CySER Virtual Seminar – Cryptography in the Presence of Quantum Computing: New Opportunities and Research Directions


Title: Cryptography in the Presence of Quantum Computing: New Opportunities and Research Directions

Speaker: Feng-Hao Liu

Abstract: Quantum computing poses significant threats to traditional public-key cryptosystems, rendering many existing security structures insecure. The steady advancement in building large-scale quantum computers in recent years underscores the imminent nature of these threats. This shifting landscape has sparked extensive and dynamic research aimed at devising new cryptographic methods for the post-quantum era. In this talk, I will discuss new research directions along this goal, ranging from basic public-key encryption (PKE) to advanced fully homomorphic encryption (FHE), and substantial applications. Particularly, I will present the crypto basics following NIST’s current efforts in standardizing post-quantum PKE. Then I will describe how to expand the scope to achieve and improve further advanced crypto capabilities, including fully homomorphic encryption (FHE), and a compelling subset of its applications.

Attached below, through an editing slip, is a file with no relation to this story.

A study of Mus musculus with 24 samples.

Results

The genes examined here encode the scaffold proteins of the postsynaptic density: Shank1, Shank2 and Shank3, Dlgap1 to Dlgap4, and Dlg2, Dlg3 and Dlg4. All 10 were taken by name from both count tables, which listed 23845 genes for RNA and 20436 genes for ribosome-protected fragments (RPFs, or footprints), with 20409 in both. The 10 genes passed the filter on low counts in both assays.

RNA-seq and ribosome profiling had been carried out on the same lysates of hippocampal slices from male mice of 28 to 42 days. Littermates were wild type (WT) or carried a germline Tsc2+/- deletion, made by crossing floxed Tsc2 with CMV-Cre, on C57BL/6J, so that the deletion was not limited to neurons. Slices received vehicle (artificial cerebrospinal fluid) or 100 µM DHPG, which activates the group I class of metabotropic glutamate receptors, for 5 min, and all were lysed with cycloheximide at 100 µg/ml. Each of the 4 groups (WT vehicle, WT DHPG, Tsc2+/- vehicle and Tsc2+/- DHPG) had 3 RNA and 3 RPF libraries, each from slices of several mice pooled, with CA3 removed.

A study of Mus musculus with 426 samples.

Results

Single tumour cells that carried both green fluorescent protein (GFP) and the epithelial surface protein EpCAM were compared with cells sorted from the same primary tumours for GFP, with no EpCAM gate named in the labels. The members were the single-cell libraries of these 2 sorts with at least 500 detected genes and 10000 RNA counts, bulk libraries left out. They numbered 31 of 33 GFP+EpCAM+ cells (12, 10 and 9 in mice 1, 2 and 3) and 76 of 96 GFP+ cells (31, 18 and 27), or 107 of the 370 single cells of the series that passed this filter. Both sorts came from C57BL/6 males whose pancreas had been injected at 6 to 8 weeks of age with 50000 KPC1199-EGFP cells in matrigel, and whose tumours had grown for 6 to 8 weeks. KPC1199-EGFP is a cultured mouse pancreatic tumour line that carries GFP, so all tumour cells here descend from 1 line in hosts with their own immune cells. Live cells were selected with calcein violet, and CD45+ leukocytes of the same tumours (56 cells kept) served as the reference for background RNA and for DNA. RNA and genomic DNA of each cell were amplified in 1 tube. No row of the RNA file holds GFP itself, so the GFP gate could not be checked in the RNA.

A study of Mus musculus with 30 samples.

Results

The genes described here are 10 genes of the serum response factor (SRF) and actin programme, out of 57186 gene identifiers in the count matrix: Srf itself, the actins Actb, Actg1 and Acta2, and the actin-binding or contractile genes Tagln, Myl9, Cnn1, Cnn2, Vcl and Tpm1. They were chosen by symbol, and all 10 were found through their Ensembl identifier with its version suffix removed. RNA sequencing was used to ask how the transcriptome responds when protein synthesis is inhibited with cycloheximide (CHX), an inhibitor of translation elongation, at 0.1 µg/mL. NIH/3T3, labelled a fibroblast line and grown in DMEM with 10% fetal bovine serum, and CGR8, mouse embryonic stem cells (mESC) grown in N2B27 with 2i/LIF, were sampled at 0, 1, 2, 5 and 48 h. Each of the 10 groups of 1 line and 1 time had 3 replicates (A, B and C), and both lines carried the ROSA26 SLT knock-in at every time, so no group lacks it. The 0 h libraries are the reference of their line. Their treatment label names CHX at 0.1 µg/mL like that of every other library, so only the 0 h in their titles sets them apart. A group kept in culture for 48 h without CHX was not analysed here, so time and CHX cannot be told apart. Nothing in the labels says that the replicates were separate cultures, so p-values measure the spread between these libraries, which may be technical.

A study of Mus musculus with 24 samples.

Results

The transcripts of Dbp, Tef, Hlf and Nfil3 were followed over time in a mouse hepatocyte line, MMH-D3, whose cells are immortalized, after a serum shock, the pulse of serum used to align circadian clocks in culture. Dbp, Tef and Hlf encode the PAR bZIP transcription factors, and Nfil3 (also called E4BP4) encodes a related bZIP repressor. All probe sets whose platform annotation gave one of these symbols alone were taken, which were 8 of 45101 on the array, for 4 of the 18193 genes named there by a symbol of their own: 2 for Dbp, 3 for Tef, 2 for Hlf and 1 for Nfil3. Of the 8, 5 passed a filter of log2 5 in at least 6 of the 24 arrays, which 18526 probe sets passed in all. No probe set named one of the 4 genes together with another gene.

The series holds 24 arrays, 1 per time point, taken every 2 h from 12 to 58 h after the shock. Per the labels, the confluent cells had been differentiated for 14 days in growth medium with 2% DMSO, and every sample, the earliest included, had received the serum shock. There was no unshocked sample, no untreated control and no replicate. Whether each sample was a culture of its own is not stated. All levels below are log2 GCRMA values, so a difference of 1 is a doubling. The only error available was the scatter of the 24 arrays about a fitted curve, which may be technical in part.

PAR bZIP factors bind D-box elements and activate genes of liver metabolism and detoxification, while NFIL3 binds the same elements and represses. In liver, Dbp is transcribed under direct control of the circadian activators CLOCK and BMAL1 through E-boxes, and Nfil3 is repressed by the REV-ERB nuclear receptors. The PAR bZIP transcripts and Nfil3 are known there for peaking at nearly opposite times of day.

Speaker Bio: Feng-Hao Liu is an associate professor at the School of Electrical Engineering and Computer Science at WSU. He received a PhD in Computer Science from Brown University in 2013 and then joined the Maryland Cybersecurity Center at University of Maryland as a postdoctoral researcher from 2013 – 2015. In 2015, he joined Florida Atlantic University as an assistant professor and then became an associate professor in 2021. In 2023, he joined WSU as an associate professor. His research interests span the realms of post-quantum and lattice-based cryptography, fully homomorphic encryption, multiparty computation, tamper/leakage-resilient designs, and the foundational aspects of cryptography. With a focus on advancing the research frontier, he aspires to devise novel mathematical and analytical techniques. The ultimate goal is to realize cyberspace security and trustworthiness, especially in outsourced environments and in the face of potential threats from quantum computers. His research is supported by an NSF CRII award and an NSF CAREER Award. He has made significant contributions to the field, publishing multiple papers in esteemed venues such as Crypto, Eurocrypt, Journal of Cryptology, CCS, among others.